If you own a Nintendo Switch, you are probably used to dealing with some minor gripes. Though the Switch is an awesome piece of hardware, a few things like the wonky kickstand and awkwardly placed charging port stick out in an otherwise unique and solid console. Another feature missing from the Switch that should be commonplace nowadays is the ability to connect Bluetooth devices such as headphones. Sure, the Switch has a standard headphone jack built-in, but many people have already gone full wireless and don’t have much use for it, or are forced to use an older, inferior pair they have laying around.

Thankfully, gaming accessory company Bionik has you covered with the BT Audio Sync. Essentially, the Audio Sync is a nifty device that can either plug directly into your Switch, or into the dock via an adapter, and allows you to sync nearly any pair of Bluetooth headphones to the Switch. Though somewhat niche in nature, the Audio Sync will undoubtedly be quite useful if you use Bluetooth headphones as I do.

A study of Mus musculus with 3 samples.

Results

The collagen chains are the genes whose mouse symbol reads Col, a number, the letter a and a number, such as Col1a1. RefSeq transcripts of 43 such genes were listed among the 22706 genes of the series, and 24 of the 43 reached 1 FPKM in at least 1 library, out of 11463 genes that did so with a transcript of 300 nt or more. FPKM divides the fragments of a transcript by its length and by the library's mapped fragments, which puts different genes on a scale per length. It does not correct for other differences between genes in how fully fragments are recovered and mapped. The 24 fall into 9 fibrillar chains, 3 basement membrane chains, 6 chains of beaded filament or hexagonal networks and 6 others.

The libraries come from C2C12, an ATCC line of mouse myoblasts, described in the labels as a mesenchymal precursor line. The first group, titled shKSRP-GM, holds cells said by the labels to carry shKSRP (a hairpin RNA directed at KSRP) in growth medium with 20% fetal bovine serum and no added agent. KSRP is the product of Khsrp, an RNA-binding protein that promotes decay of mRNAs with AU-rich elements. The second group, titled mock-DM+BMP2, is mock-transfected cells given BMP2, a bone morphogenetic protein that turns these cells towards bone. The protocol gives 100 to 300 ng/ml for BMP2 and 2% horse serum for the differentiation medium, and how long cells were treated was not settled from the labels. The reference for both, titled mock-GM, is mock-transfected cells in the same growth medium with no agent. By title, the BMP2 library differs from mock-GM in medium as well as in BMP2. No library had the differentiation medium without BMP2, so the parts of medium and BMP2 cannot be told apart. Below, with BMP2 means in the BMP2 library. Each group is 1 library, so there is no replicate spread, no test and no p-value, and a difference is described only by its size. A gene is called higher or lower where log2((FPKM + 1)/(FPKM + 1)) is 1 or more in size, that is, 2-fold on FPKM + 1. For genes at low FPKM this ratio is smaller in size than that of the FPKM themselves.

But let’s be honest, what matters most is how well the thing works, and it works great. There is only one button and holding it down for a few seconds puts the device into pairing mode. From there, you just do the same on whatever headphones you want to use and bam! Just like that, it’s good to go. Both the headphones I tested with the Audio Sync paired without any problems, including my Apple AirPods, which are known to be troublesome when pairing to non-Apple products.

At around $40, the BT Audio Sync may be a bit steep for some, but you will only be buying it if you can’t go without Bluetooth headphones as your main source of audio. In that case, they fill the niche perfectly and function well. Hopefully, Nintendo (and all gaming consoles for that matter) will start to integrate universal Bluetooth connectivity in the near future, but until then, it’s nice there are options like the BT Audio Sync to help make up for those missing features.